BUENOS AIRES, Argentina - Argentines will be able to buy up to $2,000 per month if they're up to date with their tax payments, the government said on Monday during the release of the first details of its easing of currency controls.
Argentina announced on Friday it was
relaxing restrictions on the purchase of U.S. dollars. The decision was forced
by double-digit inflation and the hardest drop in the local peso's value in 12
Cabinet Chief Jorge Capitanich said on
Monday that to buy dollars, Argentines must also earn a net minimum of 7,200
pesos or about $900 per month. Capitanich said the tax rate for cash purchases
will be lowered to 20 percent from the current 35 percent. The tax rate will
not be charged if the currency remains in an account for at least 365 days.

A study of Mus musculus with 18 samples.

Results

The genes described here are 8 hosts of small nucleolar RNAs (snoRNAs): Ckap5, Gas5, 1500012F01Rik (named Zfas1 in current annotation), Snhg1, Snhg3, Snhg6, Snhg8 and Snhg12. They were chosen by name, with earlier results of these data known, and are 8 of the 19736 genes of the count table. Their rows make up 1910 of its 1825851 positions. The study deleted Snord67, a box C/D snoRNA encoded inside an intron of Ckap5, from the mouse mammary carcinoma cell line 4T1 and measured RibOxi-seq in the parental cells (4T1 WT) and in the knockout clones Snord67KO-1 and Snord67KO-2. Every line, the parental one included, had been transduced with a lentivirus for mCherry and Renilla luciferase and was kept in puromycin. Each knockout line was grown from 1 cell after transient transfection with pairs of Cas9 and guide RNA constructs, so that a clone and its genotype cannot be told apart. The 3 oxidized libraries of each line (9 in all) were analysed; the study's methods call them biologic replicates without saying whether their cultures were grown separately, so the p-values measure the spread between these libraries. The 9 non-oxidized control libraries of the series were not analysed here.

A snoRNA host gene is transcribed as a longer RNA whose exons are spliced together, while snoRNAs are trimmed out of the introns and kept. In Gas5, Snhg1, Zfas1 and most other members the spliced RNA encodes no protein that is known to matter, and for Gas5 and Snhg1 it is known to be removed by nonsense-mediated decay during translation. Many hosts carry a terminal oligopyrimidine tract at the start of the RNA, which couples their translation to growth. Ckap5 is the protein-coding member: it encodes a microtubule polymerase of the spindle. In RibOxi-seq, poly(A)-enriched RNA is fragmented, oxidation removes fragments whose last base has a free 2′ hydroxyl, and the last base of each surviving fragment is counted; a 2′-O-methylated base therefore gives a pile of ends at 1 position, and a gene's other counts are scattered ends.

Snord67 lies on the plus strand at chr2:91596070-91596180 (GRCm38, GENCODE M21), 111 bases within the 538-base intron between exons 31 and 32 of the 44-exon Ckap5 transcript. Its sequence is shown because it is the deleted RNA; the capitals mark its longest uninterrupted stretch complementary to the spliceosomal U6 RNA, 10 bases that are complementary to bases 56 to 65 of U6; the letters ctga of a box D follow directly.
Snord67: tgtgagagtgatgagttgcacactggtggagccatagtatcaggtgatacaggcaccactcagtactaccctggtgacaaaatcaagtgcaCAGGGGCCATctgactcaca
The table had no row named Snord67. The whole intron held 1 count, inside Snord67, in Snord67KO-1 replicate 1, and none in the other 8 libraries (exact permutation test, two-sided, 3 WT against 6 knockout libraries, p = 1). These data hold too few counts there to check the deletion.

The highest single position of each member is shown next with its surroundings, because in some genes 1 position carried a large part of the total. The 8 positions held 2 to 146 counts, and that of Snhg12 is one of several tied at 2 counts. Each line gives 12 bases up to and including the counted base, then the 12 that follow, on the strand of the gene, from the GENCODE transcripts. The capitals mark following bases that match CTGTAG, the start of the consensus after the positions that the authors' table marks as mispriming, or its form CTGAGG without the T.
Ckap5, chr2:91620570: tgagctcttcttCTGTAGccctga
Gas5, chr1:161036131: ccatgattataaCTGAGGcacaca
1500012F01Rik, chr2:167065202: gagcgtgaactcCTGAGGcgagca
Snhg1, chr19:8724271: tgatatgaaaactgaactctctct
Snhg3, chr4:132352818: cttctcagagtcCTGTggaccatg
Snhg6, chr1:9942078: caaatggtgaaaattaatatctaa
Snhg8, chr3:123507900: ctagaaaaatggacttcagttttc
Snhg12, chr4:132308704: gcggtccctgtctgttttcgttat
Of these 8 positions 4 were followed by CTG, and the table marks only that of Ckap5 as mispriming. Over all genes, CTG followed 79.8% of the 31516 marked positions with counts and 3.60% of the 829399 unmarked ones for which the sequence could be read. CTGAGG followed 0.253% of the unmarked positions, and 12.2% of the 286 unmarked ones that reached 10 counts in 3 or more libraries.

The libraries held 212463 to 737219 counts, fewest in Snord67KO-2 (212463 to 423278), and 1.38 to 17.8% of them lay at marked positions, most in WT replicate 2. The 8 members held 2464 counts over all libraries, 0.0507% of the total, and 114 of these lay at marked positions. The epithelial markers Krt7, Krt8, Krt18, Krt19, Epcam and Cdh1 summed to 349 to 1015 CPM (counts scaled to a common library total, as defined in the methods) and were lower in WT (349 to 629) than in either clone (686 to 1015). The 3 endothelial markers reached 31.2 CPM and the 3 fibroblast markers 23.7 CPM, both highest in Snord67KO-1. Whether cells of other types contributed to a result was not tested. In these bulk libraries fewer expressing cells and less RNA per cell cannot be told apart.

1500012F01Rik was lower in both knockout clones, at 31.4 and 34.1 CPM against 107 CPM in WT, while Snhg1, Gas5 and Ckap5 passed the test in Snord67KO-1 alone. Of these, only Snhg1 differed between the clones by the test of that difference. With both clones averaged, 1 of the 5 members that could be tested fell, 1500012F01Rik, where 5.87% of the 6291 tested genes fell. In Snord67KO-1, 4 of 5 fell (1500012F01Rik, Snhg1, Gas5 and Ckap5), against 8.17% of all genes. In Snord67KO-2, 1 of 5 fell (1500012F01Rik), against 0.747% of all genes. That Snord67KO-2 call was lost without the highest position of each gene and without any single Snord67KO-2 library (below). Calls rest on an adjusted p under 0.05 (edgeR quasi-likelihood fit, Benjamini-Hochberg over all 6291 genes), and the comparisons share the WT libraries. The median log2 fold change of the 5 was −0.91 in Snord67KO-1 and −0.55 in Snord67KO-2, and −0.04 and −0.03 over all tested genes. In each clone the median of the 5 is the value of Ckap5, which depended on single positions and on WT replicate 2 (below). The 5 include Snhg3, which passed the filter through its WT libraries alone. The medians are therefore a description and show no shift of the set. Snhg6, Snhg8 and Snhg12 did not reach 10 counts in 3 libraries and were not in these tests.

Wage-earners will also be able to save
in dollars. But Capitanich cleared up that the Argentine tax rate on credit
card purchases made in dollars abroad will not be lowered to 20 percent from
the current 35 percent, as he had announced last week.
Argentina is suffering a shortage of
greenbacks due to one of the world's highest inflation rates, low foreign
investment and the country's inability to tap global credit markets after a
massive debt default during its 2001-2002 economic crisis.
The center-left government relies on Central Bank reserves to meet its debt payments abroad and finance infrastructure at home. But the reserves have plunged to about $29.5 billion, their lowest level in more than seven years.
The tough currency restrictions that began in 2011 have backfired by pushing many Argentines to the black market in search for dollars, and in turn, stoking inflation, which is estimated at around 30 percent.
After Friday's announcement, the black
market dollar weakened to 11.8 from 13 pesos, while the official rate held
roughly stable at an average 8 pesos to the dollar.